And what to expect from Biden
| Francis Owusu and Padraig Carmody | Donald Trump was propelled to the U.S. presidency by promising to rewrite globalisation rules. This included restricting trade when it directly hurt the U.S., clamping down on immigration, and reducing commitments to the global order. His administration’s “America First” foreign policy also meant disengaging from its obligations to Africa, which he infamously referred to as “shit-hole countries”.
Historically, the U.S. foreign policy approach to Africa could be classified as benign neglect. This was characterised by a general lack of interest in the continent in the pre–World War II era. After World War II, U.S. policy involved engaging or disengaging with individual countries, mostly defined in terms of counteracting the Soviet Union’s attempt to gain influence in the region.
A serious and sustained US–Africa engagement began under the Clinton administration. It subsequently deepened with significant bipartisan support. Indeed, the Clinton, Bush and Obama administrations saw a remarkable continuity in both the Congress and the White House on the U.S. agenda in Africa.
Africa’s share of annual U.S. foreign assistance funding increased over the past two decades. Although U.S. development and security aid to Africa grew, part of the increase was in support of President George W. Bush’s Emergency Plan for AIDS Relief (PEPFAR), launched in 2003. Under President Obama U.S. aid allocated to Africa fluctuated between $7 billion and $8 billion annually.
Trump’s election signaled a radical break with this consensus. His approach represented, in part, a return to the pre-Clinton era. Notwithstanding the administration’s rhetoric, however, Africa continued to receive roughly $7 billion in annual U.S. aid allocations in its first three years.
US-Africa trade fell to approximately $41 billion in 2018, down from a high of $100 billion in 2008. On the whole, African countries have continued to export natural resources, such as petroleum and metals, to the U.S. Since 2000, the African Growth and Opportunity Act has been the main channel through which trade is conducted. It provides tariff-free access to 6,900 products from 39 countries.
In our paper, we show how the Trump administration’s policies affected Africa in detrimental ways.
Malign neglect of Africa
Under Trump’s administration, investment policy was driven by the push to open up markets for U.S. goods and services. Its trade policy favoured bilateral, rather than multilateral, agreements. This shift, if sustained, could have undermined the growth of smaller countries, such as Lesotho. This is because such economies may not be of enough economic interest to the U.S. to warrant a separate trade deal.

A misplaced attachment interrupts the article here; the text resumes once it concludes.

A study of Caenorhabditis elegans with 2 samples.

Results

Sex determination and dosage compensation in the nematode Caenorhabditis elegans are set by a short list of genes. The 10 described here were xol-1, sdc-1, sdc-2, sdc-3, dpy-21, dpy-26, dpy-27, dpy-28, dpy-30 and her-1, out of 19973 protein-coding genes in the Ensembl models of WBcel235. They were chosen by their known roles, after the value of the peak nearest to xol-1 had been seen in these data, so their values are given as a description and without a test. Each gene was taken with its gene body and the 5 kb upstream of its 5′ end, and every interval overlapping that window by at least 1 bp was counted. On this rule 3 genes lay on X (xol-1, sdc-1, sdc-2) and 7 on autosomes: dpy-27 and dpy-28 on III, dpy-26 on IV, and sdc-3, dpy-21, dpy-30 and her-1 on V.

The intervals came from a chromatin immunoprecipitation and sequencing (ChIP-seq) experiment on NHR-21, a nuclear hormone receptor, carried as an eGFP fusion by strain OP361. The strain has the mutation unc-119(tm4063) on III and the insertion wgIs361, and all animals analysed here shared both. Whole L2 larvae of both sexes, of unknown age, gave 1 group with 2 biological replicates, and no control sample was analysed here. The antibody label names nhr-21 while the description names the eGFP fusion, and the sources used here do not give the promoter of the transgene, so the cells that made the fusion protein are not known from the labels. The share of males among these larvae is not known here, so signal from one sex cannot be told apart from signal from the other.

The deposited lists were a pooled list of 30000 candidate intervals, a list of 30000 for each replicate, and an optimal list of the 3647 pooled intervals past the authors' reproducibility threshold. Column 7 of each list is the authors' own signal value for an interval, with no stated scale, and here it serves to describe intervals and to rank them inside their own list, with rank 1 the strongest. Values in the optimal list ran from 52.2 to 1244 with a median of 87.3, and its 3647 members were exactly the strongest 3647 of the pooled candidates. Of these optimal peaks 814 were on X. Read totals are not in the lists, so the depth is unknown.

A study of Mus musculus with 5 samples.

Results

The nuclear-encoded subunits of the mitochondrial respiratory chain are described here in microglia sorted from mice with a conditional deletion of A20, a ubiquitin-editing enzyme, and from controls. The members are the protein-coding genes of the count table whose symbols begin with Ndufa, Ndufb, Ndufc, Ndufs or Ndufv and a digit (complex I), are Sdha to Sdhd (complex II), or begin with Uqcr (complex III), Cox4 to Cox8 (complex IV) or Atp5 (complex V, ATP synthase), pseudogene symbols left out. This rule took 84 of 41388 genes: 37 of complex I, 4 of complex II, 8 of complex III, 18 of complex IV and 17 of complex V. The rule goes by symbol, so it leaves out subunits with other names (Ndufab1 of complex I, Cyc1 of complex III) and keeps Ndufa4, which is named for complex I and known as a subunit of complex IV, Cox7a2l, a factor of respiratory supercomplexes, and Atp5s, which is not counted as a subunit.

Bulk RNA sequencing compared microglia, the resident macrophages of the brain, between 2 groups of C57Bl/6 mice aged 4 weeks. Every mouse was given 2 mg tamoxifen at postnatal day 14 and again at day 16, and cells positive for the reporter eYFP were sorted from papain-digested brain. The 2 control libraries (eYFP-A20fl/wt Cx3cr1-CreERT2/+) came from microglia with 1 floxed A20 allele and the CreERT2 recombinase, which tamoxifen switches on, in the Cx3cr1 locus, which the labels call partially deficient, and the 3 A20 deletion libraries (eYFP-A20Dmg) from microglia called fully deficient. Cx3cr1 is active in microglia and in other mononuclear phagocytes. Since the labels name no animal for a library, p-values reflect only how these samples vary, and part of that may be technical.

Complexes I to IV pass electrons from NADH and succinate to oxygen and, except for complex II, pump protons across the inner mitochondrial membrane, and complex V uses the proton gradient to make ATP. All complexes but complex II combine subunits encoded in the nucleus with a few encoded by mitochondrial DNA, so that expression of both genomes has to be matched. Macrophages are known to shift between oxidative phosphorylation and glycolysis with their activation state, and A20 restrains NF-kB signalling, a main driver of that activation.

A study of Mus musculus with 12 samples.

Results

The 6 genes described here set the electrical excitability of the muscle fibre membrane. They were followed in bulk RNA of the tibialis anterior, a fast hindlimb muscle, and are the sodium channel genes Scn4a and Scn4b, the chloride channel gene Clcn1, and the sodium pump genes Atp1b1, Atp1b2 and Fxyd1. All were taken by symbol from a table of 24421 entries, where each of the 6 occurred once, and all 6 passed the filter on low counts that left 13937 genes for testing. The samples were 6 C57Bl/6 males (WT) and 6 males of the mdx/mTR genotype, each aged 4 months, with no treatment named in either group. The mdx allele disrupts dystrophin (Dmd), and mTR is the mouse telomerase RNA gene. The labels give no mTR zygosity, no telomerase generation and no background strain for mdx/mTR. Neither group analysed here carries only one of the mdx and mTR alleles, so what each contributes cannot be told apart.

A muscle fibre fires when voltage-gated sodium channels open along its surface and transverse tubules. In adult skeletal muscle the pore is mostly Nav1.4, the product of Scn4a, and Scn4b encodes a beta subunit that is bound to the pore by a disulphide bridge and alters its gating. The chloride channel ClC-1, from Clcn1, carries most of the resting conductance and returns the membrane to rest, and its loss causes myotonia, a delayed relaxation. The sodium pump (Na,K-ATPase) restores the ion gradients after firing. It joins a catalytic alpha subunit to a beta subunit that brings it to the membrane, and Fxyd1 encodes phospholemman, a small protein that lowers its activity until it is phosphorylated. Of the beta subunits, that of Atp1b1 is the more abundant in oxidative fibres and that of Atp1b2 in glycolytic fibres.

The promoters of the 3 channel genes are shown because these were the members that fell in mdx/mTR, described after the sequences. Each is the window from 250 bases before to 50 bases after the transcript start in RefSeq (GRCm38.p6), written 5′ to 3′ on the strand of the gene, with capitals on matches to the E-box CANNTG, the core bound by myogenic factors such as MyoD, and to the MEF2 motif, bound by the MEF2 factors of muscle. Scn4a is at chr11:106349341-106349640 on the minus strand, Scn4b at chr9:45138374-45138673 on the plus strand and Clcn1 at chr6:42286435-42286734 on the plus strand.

There were also punitive measures against countries that went against the administration’s expectations of reciprocal “free” trade. For instance, Rwanda was suspended from tariff free access to the U.S. market after it introduced substantial duties on imports of second hand clothes. This came on the back of lobbying by second hand clothing exporters association in the U.S.
The administration’s largely uninterested stance may also have had detrimental effects on U.S. foreign private investment to Africa. The U.S. foreign direct investment in Africa decreased from $50.4 billion in 2017 to $43.2 billion in 2019. This 14% decline came at a time when other countries like China were increasing their investments in the region.
The administration also crippled the capacity of the State Department and its international assistance agency by failing to fill essential positions in these agencies and through budget cuts. Such actions strained relationships and cut lines of communication.
Trump’s “Muslim” travel ban denied entry to nationals of a number of Muslim-majority countries, including several African ones. Imposed under the banner of U.S. security, it had the effect of further reinforcing negative images of the continent as a place of insecurity and danger.
The Trump administration periodically expressed concern about the supposedly nefarious and negative impacts of Chinese engagement on the continent. Yet the impact of its own policies has been to reduce U.S. influence in the region and further “open up the playing field” for Chinese actors.
The loss of U.S. hegemony on the continent is evidenced by the diversifying of Africa’s foreign direct investment sources. It is also visible in shifts in its trade with key foreign partners, and increased diplomatic representation of other countries in Africa.